Damage waiver: an oft-misunderstood but vital component of the equipment rental industry. This blog post will serve to define damage waivers, explain how they work, what to expect in terms of coverage, and how to provide a damage waiver to rental customers in a way that will improve profitability for a rental business and add value for renters.
Called by many different names (loss damage waiver, fire theft vandalism, etc.) with varying degrees of value, but with a common objective. Renters are responsible for any losses or damage to equipment while it is out on rent. A loss damage waiver (LDW) serves to limit the financial responsibility of the renter to repair damage to rented equipment. This protection is provided in exchange for a fee usually listed as a line item on a rental bill.
A damage waiver is not insurance to the renter, it is a waiver of responsibility for the customer to pay for damages to the rented equipment. Damage waivers reduce any exposure to a renter’s business insurance policy and eliminate the renter’s need to provide proof of physical damage insurance before renting equipment. Damage waivers may be insurance-backed or may be self-funded by the dealer. Damage waivers may help to simplify the rental process and the claims process.
The truth is, it depends.
Some damage waivers are named perils only, which means the only losses that are covered are the ones specifically listed in the fine print. It is common for these named perils to be limited to fire, theft and vandalism. Before renting equipment from an equipment dealer with named perils coverage, the renter should do their due diligence and become familiar with the terms of the rental agreement and which perils are covered. Many dealers use named perils coverage as a secondary option, preferring to collect a certificate of insurance from a customer before the rental period begins.
Another more comprehensive coverage option for damage waivers is called all-risk coverage. With all-risk, damage is covered unless specifically stated otherwise. Based on our own internal data, all-risk covers about four times as much as named peril options. All-risk is usually an insurance-backed damage waiver and not a self-funded option.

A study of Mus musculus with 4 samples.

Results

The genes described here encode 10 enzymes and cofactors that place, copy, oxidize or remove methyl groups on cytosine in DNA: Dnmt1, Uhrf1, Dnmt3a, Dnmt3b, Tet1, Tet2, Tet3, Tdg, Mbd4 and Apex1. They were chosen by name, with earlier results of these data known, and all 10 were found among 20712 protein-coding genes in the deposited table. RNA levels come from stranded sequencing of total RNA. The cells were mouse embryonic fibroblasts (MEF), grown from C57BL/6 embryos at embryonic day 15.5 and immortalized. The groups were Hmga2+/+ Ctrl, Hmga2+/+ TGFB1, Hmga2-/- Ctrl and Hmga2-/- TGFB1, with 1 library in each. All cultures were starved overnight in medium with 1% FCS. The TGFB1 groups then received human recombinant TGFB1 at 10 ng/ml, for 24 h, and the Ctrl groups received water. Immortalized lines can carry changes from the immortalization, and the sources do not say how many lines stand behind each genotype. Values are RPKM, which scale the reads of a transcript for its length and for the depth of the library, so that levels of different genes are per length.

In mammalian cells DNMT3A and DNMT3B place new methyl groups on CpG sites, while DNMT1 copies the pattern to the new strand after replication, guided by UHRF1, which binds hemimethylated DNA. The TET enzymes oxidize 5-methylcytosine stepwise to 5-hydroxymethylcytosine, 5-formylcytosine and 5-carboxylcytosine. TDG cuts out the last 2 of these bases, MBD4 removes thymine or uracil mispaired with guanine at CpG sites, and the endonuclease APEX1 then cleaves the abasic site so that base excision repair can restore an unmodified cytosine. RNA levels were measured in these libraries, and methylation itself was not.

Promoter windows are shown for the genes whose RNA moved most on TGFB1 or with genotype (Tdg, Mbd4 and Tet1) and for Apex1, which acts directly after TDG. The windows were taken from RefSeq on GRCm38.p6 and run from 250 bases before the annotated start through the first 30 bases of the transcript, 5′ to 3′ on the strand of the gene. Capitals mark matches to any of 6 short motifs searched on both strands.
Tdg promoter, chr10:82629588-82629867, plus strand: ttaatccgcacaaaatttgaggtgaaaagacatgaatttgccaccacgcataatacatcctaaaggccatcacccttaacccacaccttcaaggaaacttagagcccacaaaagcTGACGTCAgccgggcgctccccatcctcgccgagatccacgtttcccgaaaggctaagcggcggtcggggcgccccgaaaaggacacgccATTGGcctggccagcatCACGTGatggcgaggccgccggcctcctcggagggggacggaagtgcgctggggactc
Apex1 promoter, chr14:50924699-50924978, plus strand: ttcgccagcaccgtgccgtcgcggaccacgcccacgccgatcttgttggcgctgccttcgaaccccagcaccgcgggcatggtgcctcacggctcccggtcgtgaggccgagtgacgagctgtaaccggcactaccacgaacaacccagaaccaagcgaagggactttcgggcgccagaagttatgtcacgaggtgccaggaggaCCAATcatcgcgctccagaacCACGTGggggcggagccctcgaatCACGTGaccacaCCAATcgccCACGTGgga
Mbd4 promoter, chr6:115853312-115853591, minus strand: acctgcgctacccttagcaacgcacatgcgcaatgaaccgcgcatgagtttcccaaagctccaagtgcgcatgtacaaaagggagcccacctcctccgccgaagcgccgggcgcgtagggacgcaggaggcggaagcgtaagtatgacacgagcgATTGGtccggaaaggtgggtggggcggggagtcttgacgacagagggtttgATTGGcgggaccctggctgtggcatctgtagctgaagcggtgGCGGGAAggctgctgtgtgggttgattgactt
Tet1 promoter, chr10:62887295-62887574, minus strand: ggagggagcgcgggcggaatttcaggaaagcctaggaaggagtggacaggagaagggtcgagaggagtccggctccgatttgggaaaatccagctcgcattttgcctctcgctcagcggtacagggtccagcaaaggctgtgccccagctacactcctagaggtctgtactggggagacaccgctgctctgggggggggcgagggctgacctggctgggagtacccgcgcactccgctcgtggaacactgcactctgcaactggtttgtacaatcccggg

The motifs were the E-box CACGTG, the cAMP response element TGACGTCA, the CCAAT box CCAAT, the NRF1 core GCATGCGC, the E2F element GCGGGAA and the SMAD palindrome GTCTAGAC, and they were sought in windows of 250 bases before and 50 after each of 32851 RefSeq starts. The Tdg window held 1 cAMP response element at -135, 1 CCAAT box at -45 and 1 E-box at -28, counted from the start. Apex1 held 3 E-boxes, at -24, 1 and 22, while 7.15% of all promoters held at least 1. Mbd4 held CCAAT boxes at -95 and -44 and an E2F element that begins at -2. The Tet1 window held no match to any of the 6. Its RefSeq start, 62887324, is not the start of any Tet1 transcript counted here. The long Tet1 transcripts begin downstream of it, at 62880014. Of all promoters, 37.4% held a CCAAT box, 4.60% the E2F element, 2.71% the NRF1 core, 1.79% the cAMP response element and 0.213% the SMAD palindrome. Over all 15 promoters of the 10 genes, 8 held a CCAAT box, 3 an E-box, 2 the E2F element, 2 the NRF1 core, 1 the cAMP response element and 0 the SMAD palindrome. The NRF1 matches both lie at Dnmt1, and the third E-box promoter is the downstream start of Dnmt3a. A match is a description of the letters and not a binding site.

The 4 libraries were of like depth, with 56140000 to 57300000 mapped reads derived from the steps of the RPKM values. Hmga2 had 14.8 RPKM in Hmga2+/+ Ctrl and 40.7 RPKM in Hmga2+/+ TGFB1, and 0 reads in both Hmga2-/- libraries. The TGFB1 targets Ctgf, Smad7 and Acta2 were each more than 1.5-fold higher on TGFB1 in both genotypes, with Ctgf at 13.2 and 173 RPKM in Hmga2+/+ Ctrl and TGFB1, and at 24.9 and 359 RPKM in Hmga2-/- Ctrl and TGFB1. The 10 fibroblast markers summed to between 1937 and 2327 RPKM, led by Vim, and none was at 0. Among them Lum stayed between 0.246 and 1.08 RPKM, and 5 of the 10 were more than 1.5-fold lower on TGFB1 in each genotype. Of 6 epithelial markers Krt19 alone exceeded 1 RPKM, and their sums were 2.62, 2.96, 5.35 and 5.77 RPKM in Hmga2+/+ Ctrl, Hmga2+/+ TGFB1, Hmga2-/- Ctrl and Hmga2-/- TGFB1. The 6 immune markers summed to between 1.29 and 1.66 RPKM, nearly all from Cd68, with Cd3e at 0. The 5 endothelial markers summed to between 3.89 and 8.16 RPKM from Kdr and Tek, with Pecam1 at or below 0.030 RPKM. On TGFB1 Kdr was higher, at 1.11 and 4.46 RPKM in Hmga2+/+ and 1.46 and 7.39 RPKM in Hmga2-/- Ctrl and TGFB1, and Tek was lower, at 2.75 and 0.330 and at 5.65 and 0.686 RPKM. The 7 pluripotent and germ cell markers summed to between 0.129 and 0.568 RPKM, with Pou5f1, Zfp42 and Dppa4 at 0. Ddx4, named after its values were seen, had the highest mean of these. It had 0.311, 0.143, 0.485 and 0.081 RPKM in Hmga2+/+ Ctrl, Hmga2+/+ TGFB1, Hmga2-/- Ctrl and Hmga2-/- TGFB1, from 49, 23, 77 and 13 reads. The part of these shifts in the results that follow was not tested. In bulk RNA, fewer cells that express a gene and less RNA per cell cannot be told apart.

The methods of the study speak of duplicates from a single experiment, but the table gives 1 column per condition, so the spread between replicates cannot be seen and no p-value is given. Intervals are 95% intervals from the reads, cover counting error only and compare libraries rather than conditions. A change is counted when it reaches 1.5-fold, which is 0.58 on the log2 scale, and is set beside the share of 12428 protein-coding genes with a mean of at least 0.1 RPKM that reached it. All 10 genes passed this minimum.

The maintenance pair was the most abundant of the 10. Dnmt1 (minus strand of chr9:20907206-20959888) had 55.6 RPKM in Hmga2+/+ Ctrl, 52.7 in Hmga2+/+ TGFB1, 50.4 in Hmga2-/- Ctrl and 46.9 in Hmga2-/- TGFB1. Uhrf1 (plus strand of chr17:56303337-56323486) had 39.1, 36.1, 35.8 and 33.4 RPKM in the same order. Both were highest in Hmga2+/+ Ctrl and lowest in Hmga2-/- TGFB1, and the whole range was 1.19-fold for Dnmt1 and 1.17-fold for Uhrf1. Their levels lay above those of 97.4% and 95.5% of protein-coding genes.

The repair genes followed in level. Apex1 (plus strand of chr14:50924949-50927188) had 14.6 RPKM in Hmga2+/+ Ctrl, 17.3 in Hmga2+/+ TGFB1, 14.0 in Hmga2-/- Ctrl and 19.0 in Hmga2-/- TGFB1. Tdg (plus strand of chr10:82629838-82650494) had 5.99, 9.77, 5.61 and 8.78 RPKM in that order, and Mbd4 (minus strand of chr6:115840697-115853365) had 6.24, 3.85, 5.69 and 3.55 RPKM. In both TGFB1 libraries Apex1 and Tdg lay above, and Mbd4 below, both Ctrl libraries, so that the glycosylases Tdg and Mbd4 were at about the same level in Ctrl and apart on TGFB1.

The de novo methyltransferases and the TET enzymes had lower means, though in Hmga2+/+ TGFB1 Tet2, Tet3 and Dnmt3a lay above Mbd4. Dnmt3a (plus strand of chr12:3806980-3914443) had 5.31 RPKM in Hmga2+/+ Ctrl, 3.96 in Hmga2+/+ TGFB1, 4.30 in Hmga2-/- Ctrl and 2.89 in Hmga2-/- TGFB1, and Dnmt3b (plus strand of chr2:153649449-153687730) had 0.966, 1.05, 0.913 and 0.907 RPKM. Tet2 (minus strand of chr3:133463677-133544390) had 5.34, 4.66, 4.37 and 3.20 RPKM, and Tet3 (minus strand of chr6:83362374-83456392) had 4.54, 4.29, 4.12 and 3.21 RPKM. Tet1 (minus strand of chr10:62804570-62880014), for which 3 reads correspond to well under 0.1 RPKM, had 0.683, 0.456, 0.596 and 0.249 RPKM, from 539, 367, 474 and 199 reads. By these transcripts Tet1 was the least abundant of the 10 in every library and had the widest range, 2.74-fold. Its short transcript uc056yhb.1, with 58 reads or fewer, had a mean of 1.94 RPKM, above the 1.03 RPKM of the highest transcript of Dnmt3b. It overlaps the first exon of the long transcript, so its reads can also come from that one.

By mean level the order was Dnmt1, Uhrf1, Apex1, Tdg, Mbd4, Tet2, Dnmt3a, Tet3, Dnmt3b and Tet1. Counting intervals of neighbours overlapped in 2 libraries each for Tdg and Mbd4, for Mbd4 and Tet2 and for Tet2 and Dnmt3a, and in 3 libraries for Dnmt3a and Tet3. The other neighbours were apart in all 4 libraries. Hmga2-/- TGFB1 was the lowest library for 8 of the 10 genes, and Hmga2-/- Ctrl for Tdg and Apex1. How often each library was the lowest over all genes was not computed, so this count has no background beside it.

With damage waivers in general, equipment dealers and rental houses have a decision to make about how to handle deductibles. Some equipment dealers simply pay the deductible themselves, and some choose to pass this cost on to their customers.
If the deductible on a damage waiver is lower than the deductible on a customer’s property and casualty insurance policy, the customer may choose to purchase a damage waiver from the dealer even if the customer has adequate insurance to cover the rental equipment. If the deductible for the damage waiver is higher than the customer’s insurance deductible, the dealer can communicate the value of the damage waiver in other ways. For example, any claims on the damage waiver will not count against a customer’s business insurance policy.
Depending on the type of damage waiver—named perils or all-risk—the sales process will look very different. For all-risk coverage, where the customer may be better protected than under their insurance policy, the damage waiver may be a true value-add, making the selling process easier because the value is easily communicated. For named perils, the coverage may be a secondary option to collecting a certificate of insurance.
We have seen the most success with damage waivers that are sold as “opt out” protection, meaning the damage waiver is added to the rental contract by default unless specifically opted out. However, we only recommend an opt-out format when the damage waiver coverage is extensive and meaningful, and not treated as an added fee for rental customers. The goal is protecting the customer and the long-term relationship with the customer, not simply trying to increase rental sales.
Damage waivers do not include liability coverage for rented equipment. If an equipment dealer is selling a damage waiver to a customer, the customer still needs to provide liability coverage that protects in the event of damage to other people’s property or bodily harm.
For example, a customer rents an excavator with a damage waiver in place, and accidentally runs the bucket into a contractor’s vehicle or into a building on a job site. The damage waiver may repair the excavator (depending on what is covered by the waiver) but will not pay for the repairs to the contractor’s vehicle or the building. This kind of claim would need to be filed under the customer’s liability policy.
We hope this blog has been helpful for you as you learn more about damage waivers. Click here, to read all blogs about JT Bates Group products and services!